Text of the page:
The debate about whether or not Africa should turn to genetically modified (GM) food production as a measure to end hunger has been going on for several years now. The big question is why is the issue of adopting what clearly appears to be a short cut to the continent's huge hunger problem taking so long to be decided upon what appears to be the miracle solution to a problem they are otherwise working in vain to solve?
GM organisms are developed in laboratories by slicing genes from unrelated species into the host organism - unlike in the natural breeding system where select plants or animals with desirable traits are crossbred within a species to produce better crops or animals. Many scientists, like Andrew Taynton of Safe Age, a South African consumer movement, believe that there is a big risk in consuming GM foods.
"For example, bacteria or virus genes are sliced into food crops and then reproduced in each and every cell in the plant," he says. "This carries several risks as it is a random and imprecise process. It can scramble the genome, cause mutations, fragments, and multiple copies or turn neighbouring genes on or off. The main concerns about eating GM food are the development of new allergies, new toxins, new diseases, antibiotic resistance, and changed nutritional value."
A respected pan-African magazine, New African, devoted about 12 pages of its January 2009 issue to the debate of whether GM Food is good for Africa. There was hardly a sentence in the publication that could encourage any developing country in Africa to turn to GM food production.
South Africa, of all African countries, was singled out as already having adopted the production of GM food. The proponents of GM food for Africa like David King, director of the Smith School of Enterprise and the Environment at Oxford University argue that if Africa turned to GM food, it would end its hunger woes just like India and China who went GM, did. He also attacked Prince Charles, heir to the British throne, for standing up for organic farming.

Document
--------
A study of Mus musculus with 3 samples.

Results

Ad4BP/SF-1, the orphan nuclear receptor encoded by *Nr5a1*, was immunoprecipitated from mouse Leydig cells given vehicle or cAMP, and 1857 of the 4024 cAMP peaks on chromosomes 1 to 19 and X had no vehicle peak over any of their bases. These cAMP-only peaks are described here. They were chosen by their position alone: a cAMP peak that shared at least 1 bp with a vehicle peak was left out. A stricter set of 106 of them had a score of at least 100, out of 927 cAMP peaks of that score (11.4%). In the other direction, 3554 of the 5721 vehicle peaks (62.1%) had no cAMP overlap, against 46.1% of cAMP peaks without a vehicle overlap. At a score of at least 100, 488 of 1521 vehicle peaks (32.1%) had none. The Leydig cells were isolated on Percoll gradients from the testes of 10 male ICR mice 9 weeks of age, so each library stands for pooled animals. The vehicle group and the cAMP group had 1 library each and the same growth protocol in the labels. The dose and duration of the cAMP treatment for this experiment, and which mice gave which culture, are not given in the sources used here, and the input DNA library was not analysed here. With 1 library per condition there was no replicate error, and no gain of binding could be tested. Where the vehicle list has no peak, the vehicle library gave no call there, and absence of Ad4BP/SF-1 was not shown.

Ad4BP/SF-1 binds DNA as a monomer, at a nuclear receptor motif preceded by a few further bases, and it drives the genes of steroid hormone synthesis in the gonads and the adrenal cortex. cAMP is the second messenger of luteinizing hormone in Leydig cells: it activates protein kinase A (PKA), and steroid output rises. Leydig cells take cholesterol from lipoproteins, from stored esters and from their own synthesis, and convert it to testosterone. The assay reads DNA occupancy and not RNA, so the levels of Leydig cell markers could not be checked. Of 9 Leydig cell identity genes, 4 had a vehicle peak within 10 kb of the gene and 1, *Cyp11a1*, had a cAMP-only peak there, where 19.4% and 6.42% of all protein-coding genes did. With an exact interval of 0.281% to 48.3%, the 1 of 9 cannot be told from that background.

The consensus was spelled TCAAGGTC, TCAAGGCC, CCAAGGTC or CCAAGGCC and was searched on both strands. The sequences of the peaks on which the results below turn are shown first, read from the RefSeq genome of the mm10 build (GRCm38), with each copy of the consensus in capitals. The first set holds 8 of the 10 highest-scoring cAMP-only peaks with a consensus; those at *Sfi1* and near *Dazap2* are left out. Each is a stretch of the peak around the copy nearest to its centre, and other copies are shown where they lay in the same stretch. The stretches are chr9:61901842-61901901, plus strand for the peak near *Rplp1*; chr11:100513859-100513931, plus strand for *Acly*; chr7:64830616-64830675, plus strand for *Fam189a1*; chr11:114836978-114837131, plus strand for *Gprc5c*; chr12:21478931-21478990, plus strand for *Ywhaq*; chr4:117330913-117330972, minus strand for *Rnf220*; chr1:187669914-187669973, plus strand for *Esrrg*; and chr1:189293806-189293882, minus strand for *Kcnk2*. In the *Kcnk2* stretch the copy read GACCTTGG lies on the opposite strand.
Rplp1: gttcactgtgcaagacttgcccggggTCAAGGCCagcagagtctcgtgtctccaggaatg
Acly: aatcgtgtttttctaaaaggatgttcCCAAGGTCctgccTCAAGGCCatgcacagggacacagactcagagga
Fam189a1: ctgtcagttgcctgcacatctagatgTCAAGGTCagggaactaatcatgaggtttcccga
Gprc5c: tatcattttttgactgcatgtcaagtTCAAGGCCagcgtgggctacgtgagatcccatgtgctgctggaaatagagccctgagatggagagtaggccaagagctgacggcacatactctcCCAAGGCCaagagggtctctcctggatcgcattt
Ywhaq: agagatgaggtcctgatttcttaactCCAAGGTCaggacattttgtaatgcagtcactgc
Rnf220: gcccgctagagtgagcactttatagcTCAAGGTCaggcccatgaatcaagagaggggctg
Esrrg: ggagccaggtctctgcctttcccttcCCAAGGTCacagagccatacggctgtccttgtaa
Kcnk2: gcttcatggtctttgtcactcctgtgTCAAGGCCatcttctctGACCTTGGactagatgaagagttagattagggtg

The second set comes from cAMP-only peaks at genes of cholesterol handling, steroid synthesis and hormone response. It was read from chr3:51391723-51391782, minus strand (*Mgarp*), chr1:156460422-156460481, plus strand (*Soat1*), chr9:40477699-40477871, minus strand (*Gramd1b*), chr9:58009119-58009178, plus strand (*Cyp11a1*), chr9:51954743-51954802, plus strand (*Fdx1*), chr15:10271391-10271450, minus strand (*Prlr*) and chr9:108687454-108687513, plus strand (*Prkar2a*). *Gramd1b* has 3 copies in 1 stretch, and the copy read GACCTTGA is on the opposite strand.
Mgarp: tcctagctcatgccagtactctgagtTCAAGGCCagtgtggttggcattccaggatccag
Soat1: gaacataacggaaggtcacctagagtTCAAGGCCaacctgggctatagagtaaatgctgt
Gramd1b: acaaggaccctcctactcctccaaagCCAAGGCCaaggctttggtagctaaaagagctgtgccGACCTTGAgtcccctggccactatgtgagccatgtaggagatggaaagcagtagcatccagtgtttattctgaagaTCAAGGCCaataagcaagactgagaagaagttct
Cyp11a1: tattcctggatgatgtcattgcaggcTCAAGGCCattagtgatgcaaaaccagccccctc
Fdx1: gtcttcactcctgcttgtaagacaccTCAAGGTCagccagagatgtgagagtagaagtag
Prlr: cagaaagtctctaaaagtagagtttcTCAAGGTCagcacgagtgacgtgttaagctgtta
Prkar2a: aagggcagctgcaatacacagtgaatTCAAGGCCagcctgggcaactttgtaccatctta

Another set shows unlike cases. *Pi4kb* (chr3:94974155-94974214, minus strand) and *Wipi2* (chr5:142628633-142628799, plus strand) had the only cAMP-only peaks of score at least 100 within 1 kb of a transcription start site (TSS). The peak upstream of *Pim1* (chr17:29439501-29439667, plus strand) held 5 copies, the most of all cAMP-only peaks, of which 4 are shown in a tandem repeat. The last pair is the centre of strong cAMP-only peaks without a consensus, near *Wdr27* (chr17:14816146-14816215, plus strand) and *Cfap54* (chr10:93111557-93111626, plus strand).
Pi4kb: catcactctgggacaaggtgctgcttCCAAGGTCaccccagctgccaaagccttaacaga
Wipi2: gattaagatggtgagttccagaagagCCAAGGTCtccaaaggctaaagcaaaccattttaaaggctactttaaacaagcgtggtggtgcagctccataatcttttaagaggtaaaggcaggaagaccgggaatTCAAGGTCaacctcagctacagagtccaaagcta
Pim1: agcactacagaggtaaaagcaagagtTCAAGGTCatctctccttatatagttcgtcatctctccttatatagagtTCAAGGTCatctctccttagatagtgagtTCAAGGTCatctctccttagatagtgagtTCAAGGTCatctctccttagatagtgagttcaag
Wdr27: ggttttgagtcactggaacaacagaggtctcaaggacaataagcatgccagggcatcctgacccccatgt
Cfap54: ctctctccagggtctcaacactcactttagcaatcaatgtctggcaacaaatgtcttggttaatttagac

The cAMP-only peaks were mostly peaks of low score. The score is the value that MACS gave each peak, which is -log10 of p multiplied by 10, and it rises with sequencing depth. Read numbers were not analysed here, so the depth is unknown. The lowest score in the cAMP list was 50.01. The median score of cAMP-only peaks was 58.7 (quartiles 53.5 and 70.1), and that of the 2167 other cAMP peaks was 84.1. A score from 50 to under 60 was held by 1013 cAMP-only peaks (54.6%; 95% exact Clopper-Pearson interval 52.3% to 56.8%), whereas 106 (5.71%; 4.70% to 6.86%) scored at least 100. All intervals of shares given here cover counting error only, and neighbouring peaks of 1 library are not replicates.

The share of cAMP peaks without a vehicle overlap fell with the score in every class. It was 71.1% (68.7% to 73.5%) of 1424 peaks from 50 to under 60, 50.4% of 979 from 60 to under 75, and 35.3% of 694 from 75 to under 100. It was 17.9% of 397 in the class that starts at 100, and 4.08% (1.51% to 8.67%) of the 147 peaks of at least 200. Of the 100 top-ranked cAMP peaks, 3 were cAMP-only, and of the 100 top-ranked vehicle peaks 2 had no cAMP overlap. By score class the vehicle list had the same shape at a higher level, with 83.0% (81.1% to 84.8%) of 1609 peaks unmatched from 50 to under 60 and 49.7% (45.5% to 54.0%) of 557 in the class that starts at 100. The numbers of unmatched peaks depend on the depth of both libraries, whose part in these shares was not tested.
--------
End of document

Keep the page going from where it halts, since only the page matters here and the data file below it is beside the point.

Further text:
Prince Charles in The New African once said in August 2009, "Growing GM crops in the developing world, represents the biggest environmental disaster of all time. Multinational corporations who are encouraging the growth of GM crops are conducting a gigantic experiment with nature and the whole of humanity which has gone seriously wrong." Some industrialised countries such as France have their own reservations about GM food and are encouraging more the consumption of organically grown food for their nationals.
What most advocates of GM food don't say is the greed for money and profit of especially agro-chemical corporations. Africa is hungry and there is no doubt about that but in order to come out of that difficult position it must not automatically follow the examples of India and China. In the current issue of New African the former UN Secretary General, Kofi Annan, has clearly indicated that the total land area available for agriculture in Africa is greater than that of Western Europe, the US, China and India - combined. Kofi Annan today heads the Alliance for a Green Revolution in Africa (Agra).
He is not talking about growing GM food, rather, he is talking about African governments investing at least 10 per cent of their annual budgets to support and develop small holder farmers, using improved seeds, environment friendly fertilisers and quality animal breeds. And as he has mentioned in the article written for New African, this month countries like Ghana, Rwanda, Tanzania and Malawi are already showing signs of overcoming hunger through these simple methods.
GM also is not so much about African foods like millet, sweet potatoes, cassava or yams and the various African vegetables. We need to develop our own food crops as we fight hunger and we don't have to automatically switch to foods from other continents. The more we adapt to western technology the more we have to spend on machinery and chemicals manufactured in the west.
After all, the industrialised countries will not buy our surplus food (including GM food) since they always have enough food and anyway they have safely put in place trade barriers that discourage African products access to their markets. Our food and poverty problems must be solved right on our small plots of land and by ourselves as farmers and researchers.